Govt can borrow a leaf from Uhuru Kenyatta

President Uhuru Kenyatta addresses wananchi at Othaya town in Nyeri county moments after he commissioned Mwai Kibaki Hospital on August 6, 2022. PHOTO/NMG

What you need to know:

The issue: Uhuru Kenyatta’s presidency

Our view: All indications suggest that Mr Uhuru has been alive to the possibilities that sprout from treating rail and water transport as a public good

As East Africa prepares to talk about Mr Uhuru Kenyatta’s presidency of Kenya in the past tense, the settled notion that he leaves a rich legacy of infrastructure development is difficult to fault. The nearly 11,000km of tarmacked roads built under his stewardship offer unstinting support.

Yet as the 34th meeting of the Northern Corridor Council of Ministers noted early last month, there is still work to be done.

The development and use of the Standard Gauge Railway (SGR) particularly came in for a drubbing. This was underscored by the fact that Kenya’s SGR sputtered to a halt near Naivasha. While a paucity of funds stalled progress, Uganda’s bureaucratic foot-dragging has threatened lasting and damaging consequences. The delayed commitment to construct the SGR to Malaba means that our railways face a future of managed decline.

An even more troubling dimension is the fact that this is not the only Northern Corridor integration project threatened by tenuous Ugandan interest.

The completion of the oil jetty on the Ugandan side of Lake Victoria is still outstanding. Elsewhere, the Kisumu oil jetty—in Kenya—was completed in 2018.

Lake Victoria, which is supposed to be a key transit point for oil, continues to face strong headwinds thanks to delays from the Ugandan side.

Under Uhuru, Kenya managed to upgrade its Kisumu port to handle a capacity of 50,000 twenty-foot equivalent units. Our eastern neighbour has also retouched the MV Uhuru, a train wagon ferry with a carrying capacity of 1,800 tonnes. Nearly a week ago, the floatation of the MV Uhuru II was overseen. The 100-metre vessel—made in Kenya by Kenyans—can carry up to 22 wagons, with an estimated capacity of two million litres of crude oil per trip.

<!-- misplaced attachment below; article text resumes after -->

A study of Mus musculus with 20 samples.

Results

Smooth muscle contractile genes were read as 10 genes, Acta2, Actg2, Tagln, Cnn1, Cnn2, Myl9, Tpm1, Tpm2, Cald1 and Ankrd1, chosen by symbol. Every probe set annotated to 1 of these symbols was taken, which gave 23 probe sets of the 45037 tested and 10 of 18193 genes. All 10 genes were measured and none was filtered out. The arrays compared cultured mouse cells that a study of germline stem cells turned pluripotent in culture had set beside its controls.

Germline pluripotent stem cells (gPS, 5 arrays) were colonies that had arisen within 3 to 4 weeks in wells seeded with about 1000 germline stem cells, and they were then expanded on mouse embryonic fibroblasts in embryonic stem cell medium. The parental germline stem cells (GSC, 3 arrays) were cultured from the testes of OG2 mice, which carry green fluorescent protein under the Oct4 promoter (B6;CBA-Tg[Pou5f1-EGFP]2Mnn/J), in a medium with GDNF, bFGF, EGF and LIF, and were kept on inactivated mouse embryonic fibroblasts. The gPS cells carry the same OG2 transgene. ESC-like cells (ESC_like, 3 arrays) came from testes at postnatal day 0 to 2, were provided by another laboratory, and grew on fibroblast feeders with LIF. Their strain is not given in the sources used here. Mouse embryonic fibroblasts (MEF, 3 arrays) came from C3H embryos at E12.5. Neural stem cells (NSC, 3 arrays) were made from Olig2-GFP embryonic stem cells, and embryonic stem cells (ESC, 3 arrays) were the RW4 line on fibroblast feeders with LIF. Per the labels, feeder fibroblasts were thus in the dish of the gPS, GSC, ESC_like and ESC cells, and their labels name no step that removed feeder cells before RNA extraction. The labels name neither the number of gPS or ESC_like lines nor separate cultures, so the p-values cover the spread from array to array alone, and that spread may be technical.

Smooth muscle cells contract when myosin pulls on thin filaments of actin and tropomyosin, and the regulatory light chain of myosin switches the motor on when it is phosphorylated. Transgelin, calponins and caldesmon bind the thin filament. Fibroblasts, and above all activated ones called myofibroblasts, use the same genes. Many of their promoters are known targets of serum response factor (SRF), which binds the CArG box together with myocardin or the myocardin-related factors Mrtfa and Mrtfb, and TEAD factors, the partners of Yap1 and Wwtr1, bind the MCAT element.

All indications suggest that Mr Uhuru has been alive to the possibilities that sprout from treating rail and water transport as a public good. His presidency appreciated that investment and imagination are needed during a crucial decade when a transition away from cars, not trains, is the priority.

Meanwhile, President Museveni’s plans continue to create more red tape than the Kenyatta-esque revolutionary policy that is needed.   “The NRM answer to this imported inflation and fuel prices is to shift from petroleum cars to electric vehicles and motorcycles and then the train. We are going to spend the money we have on those,” Mr Museveni revealed last week in his umpteenth national address.

Barely hours after that address, Mr Fred Byamukama—the junior Works and Transport minister—revealed that Shs1.144trillion has been earmarked to revamp 1,266km of already existing railway lines by early 2025.  The Kampala-Malaba line that has stalled the SGR was mentioned, with a November 2022 completion date promised. Other routes that were mentioned include: Tororo-Gulu, Gulu-Pakwach and Mukono-Namanve-Kyengera. 

Fifteen new locomotives and 300 wagons were also held out as promises. The decision not to be driven by a short-sighted determination is, we believe, noteworthy.  Our government, however, ought to be candid about past mistakes that prompted a grim report from the Northern Corridor Council of Ministers last month. There should be no bureaucratic foot-dragging this time around.